Houston museums looking to cater to growing Latino population
For Leticia Puebla, this December will be the first time she will set foot inside a museum.
The Houston Museum of Natural Science will be showcasing a special exhibition this winter featuring the story of “Juan Diego” and “La Virgen de Guadalupe” with artifacts and images brought from Mexico City and museums along the southwest region of the U.S.
Puebla, a mother of two, is looking forward to bringing her children to the exhibit to catch a glimpse of the history of their religion.
“I have been Catholic follower all my life and I find it very special for a museum to highlight how my country feels for the Virgin Mary,” Puebla said. “Being a housewife, a mom, and having two jobs usually leaves me out of events like this, but I promised myself I would take my family.”
Within the last 20 years, museums across the country have seen attendance rates drop among their traditional audiences, according to a report by the American Museum Association. The shift in demographics in communities across the United States is driving museums to increase exhibitions that appeals to minority communities.
The Latino population is projected to grow from 17 percent to 30 percent across the nation by 2050, according to the U.S. Census. In Houston, the number is expected to rise from 37 percent to 55 percent, according to a report published by the Hobby Center for Public Policy.
“African Americans, Latinos, Asian Americans, Pacific Islanders, Native Americans and others, including those who identity as a multiracial, will collectively become the new majority in the United States,” said Elizabeth Merrit, founding director of Centers for the Future of Museums.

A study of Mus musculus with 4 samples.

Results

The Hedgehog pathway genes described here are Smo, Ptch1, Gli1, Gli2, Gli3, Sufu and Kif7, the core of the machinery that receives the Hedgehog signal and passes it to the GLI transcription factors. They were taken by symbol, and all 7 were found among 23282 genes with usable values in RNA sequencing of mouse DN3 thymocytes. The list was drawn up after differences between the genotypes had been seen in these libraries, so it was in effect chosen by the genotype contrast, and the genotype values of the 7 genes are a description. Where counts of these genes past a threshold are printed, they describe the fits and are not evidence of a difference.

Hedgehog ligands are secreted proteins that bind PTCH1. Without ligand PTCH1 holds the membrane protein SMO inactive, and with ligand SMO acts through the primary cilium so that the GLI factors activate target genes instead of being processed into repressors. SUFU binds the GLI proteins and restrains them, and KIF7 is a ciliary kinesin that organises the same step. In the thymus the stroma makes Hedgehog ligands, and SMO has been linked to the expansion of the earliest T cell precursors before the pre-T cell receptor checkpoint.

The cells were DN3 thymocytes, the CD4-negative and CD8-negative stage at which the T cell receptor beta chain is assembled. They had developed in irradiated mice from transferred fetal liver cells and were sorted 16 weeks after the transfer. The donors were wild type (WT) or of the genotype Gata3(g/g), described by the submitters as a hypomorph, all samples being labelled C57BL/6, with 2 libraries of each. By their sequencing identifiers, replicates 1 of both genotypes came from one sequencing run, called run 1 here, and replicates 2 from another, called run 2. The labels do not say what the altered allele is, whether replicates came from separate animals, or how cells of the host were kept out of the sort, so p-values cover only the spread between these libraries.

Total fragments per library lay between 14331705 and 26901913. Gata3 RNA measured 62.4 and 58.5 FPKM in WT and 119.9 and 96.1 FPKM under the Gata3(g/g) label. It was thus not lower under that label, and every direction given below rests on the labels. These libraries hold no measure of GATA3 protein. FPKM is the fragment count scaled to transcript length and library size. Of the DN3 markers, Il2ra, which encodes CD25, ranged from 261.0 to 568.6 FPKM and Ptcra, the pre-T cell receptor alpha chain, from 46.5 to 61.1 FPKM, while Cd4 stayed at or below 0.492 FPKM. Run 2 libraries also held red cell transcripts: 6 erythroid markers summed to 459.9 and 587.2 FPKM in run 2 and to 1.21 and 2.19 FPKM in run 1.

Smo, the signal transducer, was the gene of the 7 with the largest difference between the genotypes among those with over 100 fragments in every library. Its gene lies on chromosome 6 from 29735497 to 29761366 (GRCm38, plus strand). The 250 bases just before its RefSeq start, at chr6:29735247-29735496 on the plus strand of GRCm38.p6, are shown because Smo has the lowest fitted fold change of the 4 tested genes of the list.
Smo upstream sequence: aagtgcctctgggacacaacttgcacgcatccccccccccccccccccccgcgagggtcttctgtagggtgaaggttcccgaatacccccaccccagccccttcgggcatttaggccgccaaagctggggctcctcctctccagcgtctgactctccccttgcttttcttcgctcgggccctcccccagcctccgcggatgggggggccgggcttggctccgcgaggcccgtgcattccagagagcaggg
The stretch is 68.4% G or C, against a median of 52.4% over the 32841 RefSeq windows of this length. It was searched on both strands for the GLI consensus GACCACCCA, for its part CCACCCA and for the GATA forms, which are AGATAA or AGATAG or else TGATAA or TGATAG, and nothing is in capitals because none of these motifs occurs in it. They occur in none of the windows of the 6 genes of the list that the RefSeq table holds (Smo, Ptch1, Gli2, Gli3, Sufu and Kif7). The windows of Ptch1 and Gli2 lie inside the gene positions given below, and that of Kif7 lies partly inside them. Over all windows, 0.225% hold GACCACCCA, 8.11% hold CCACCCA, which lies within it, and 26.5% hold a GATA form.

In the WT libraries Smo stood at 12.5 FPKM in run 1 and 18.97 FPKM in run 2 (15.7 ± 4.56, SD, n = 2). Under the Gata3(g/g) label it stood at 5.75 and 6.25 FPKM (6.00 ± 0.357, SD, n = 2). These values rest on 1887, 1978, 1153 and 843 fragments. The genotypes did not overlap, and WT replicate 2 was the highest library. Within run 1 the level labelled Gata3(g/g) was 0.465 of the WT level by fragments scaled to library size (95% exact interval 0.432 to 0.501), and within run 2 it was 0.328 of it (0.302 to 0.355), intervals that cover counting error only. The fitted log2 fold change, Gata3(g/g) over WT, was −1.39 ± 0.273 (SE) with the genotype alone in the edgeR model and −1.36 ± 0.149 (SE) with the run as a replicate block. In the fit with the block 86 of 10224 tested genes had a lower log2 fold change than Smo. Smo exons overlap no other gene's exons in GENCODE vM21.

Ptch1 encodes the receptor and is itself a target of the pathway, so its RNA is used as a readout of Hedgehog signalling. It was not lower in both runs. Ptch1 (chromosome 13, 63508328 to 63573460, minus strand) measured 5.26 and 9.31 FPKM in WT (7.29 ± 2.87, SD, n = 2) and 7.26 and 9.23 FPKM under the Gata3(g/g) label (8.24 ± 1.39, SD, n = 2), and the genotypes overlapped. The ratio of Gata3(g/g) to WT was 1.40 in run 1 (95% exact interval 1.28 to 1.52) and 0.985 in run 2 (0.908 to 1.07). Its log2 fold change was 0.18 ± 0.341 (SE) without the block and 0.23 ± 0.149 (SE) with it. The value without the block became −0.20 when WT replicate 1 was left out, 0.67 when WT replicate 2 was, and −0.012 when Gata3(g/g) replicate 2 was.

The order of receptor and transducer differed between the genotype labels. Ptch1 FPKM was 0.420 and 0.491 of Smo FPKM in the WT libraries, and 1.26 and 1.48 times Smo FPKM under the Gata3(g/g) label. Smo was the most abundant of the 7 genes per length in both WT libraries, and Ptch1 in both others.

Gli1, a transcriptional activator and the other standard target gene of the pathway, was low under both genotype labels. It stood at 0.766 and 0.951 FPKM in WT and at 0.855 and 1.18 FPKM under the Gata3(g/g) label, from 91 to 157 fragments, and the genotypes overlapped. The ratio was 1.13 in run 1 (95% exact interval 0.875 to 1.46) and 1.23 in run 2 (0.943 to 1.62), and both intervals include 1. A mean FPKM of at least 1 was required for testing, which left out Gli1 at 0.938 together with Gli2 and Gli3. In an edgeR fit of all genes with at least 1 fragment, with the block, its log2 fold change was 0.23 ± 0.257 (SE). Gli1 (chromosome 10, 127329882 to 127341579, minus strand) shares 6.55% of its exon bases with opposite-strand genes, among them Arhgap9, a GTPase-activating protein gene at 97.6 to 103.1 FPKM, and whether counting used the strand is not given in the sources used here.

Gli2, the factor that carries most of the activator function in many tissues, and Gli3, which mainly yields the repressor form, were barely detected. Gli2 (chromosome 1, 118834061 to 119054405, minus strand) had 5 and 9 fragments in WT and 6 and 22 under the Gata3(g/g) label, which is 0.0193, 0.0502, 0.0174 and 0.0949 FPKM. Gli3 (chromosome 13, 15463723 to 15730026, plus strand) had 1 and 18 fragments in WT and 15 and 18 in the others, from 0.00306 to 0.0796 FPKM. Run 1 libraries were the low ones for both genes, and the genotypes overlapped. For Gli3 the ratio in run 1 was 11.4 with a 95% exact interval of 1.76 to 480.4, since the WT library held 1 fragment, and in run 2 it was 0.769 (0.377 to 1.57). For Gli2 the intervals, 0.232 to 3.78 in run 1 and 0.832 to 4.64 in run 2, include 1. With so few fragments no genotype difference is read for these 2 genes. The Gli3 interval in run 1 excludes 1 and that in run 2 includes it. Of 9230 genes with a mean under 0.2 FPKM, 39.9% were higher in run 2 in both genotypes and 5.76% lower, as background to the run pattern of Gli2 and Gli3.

In order for museums to succeed, Merit said that museums must develop new strategies to engage with more diverse audiences.
For over a year now, Dirk Van Tuerenhout, anthropology curator for the Houston Museum of Natural Science has been working closely with museums from Mexico and Arizona to create a one-of-a-kind exhibition that will celebrate the culture and faith of one of Latin America’s most beloved saints–the Virgin of Guadalupe.
“I want to present a show in a way takes you back to where Catholicism came from, meaning Spain then to Juan Diego, who grew up in an environment predominantly controlled by another culture, the Aztecs, and how the new world and the old world came together,” Tuerenhout said.
According to AAM’s report, minority groups are more likely to visit exhibitions where their heritage is celebrated.
“My mother would pray to her when any of us would get sick. She would thank her when a blessing came by,” Puebla said. “When I lived in Mexico, all of our neighborhood would come together in a celebration to commemorate her as the mother of Jesus.”
Reverend Miguel Solorzano’s church, St. Charles Barromeo in north Houston, is one the many churches that takes part in the celebrations for El Dia de La Virgen De Guadalupe. Solorzano said he’s glad that the museum decided to exhibit the “Guadalupano” event from a historical point of view and not just as a legend or a tradition.
“I think this will be a good opportunity for Latinos to see the story and see how it has developed,” Solorzano said. “I hope the exhibit will be respectful, balanced, be a good resemblance of what Christians and Catholics believe in and that it encourages others to learn about our story and our identity.”
Although Puebla hasn’t taken a day off in over two years, she is already saving up money to take the day off and treat her family to the special event.
“I’ve never been to the museum. I hope my children and I enjoy it. Maybe now I’ll try to visit it more frequent, we’ll see,” Puebla said.
La Virgen De Guadalupe: Empress of the Americas exhibit is set to open just one day before thousands of Catholics celebrate day of the Virgin of Guadalupe across the world.